All four tournament games staged at the New York Stadium were well attended.
Rotherham are keen to use the success of hosting Euro 2022 games to grow female participation in the town.
The Millers’ New York Stadium hosted three Group D games and the quarter-final between France and Netherlands, with the town firmly embracing the tournament.
All four games were well attended, with locals also using the fan park in the town centre.
England’s run to the final – where they play Germany on Sunday – has also helped interest grow and the Millers want to use this opportunity to get more females, across all ages and standards, playing football.
“We really want to keep the momentum going really, showing that football is for all,” the club’s head of community Jamie Noble told the PA news agency.
“We have been at this for years, trying to grow the female game, so we need to use high-profile opportunities like the women’s Euros to keep banging that drum at the highest level.
“There is a real feelgood factor around it. When the national team is doing well it just lifts the mood of the country.
“I don’t think at first it dawned on us how big a platform it would be. We were awarded it pre-Covid so a lot of the stuff we started had to stop and then we had to start it again.
“It is a bit like a domino effect, it is just one thing leading to another.
“We have definitely seen an upturn in demand in the last few weeks. It definitely had an instant impact from the girls’ perspective.
“Every time we run a holiday camp, it used to be 90 per cent boys, we are now getting up to 50 per cent of attendees being female.”
The club are already running schemes that will appeal to females interested in all different types of classes, whether that be a pathway to elite football or purely recreational.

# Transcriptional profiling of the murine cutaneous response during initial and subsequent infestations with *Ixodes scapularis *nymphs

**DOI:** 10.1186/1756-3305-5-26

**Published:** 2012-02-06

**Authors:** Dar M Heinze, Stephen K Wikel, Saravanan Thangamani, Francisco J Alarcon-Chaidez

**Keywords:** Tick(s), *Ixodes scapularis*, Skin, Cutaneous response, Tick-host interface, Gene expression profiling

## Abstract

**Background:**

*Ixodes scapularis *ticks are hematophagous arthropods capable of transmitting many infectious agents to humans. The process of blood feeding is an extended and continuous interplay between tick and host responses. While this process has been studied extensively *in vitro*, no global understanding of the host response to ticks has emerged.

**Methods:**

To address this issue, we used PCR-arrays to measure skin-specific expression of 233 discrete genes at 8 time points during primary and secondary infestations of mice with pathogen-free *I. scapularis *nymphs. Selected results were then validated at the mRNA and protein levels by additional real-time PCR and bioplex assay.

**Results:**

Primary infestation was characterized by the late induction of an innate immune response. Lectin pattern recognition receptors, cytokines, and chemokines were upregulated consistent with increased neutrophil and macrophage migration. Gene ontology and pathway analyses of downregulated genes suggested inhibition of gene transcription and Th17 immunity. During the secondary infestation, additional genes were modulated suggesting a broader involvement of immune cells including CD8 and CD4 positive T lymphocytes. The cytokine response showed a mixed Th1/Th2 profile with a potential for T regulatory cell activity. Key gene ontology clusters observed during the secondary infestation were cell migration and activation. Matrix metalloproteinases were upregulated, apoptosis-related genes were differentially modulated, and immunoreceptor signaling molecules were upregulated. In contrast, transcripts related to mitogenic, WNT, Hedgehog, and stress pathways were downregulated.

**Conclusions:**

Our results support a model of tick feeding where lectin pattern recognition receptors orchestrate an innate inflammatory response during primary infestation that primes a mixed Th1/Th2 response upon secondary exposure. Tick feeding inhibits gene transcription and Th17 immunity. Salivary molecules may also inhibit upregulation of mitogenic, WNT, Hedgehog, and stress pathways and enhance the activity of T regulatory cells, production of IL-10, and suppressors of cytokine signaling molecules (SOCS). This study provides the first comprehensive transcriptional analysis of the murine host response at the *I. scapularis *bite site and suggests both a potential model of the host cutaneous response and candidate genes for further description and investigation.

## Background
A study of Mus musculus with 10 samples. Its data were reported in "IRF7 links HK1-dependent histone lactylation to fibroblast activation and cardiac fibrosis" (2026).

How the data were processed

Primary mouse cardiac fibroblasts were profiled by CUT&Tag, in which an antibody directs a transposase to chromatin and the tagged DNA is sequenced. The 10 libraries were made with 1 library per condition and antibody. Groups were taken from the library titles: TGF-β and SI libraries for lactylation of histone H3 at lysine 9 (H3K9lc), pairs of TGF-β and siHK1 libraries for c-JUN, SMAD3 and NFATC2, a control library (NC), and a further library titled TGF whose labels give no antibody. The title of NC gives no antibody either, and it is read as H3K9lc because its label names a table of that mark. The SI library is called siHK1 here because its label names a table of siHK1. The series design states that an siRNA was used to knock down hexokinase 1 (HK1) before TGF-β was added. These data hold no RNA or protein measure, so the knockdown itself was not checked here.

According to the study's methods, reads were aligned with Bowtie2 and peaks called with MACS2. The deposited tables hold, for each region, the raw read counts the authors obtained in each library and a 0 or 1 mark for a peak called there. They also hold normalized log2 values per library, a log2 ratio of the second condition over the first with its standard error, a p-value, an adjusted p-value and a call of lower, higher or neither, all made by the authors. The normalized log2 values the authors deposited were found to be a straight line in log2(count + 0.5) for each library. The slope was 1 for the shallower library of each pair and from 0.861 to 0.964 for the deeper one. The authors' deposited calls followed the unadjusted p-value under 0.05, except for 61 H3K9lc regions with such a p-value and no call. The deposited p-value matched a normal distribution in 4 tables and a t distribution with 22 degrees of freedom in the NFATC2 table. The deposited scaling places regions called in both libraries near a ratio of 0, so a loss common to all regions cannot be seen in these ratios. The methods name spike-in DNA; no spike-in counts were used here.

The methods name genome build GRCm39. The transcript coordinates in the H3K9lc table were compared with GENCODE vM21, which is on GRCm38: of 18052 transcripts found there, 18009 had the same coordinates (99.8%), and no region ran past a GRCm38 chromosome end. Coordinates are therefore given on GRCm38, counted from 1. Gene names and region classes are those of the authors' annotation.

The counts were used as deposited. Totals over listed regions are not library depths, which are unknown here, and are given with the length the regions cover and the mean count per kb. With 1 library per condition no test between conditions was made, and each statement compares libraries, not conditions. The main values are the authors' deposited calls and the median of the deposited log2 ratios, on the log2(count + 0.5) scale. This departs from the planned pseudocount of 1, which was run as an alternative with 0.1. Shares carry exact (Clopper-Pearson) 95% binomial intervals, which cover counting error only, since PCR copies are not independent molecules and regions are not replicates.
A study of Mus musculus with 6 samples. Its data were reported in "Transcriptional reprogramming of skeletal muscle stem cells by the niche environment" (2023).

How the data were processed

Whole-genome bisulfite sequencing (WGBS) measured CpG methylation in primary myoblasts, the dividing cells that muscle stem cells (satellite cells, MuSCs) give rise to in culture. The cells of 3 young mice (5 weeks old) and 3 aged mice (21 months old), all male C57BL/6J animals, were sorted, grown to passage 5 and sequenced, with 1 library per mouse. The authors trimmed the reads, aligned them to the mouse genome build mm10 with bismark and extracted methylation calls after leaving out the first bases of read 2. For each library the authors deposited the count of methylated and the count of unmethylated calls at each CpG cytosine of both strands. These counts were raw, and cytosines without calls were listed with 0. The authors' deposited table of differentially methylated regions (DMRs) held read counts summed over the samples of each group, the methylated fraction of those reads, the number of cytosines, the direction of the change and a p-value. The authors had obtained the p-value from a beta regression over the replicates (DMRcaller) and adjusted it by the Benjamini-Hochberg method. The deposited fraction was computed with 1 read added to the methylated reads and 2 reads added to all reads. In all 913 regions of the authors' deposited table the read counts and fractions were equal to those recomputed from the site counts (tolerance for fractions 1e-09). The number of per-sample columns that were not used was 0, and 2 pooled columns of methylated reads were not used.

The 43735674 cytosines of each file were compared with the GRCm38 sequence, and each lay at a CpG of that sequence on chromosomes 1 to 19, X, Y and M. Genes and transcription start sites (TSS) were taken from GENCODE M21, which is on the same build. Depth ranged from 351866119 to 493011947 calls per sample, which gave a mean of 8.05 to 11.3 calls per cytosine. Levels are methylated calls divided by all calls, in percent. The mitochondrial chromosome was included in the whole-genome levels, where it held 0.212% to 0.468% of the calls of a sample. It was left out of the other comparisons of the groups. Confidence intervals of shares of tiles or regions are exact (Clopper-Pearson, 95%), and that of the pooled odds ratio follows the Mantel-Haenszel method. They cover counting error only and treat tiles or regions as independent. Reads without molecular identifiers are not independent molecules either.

“We have things that are already set up, like keep-fit classes or walking groups and we just introduce a football to it when the time is right,” Noble added. “It is very much working with every group, designing a specific session that they want.
“What you do want to do is ask them what they want and then adapt the sessions.”
The long-term goal is to increase the supply of players to the club’s women’s team, which currently plays in the North East Regional Women’s League Premier Division – tier five of the English game.
The ambitions of the club are much loftier, and have spoken about targeting the Women’s Super League, but Noble knows it is a step-by-step process.
“We are trying to use the profile of the international game to help us recruit new players,” Noble said.
“But we need to take it one step at a time. The first step is to get from tier five to tier four, which opens the door to additional funding and additional resources to run the team.
“Once we have done that, as a club we then need to decide whether we can afford to go to the WSL because there is a big investment that needs to come from somewhere.
“As a football club we don’t want to jeopardise the sustainability of the club.”
Progress could be helped by the New York Stadium becoming free for several weeks during the men’s World Cup, with Noble eyeing a women’s match being played there.
He added: “With the men’s World Cup in the winter, I am hopeful the fixtures are kind and early in that break before the pitch has some mid-season renovation, I am hoping we might be able to stage a game at the New York Stadium, that is definitely something we are looking at.”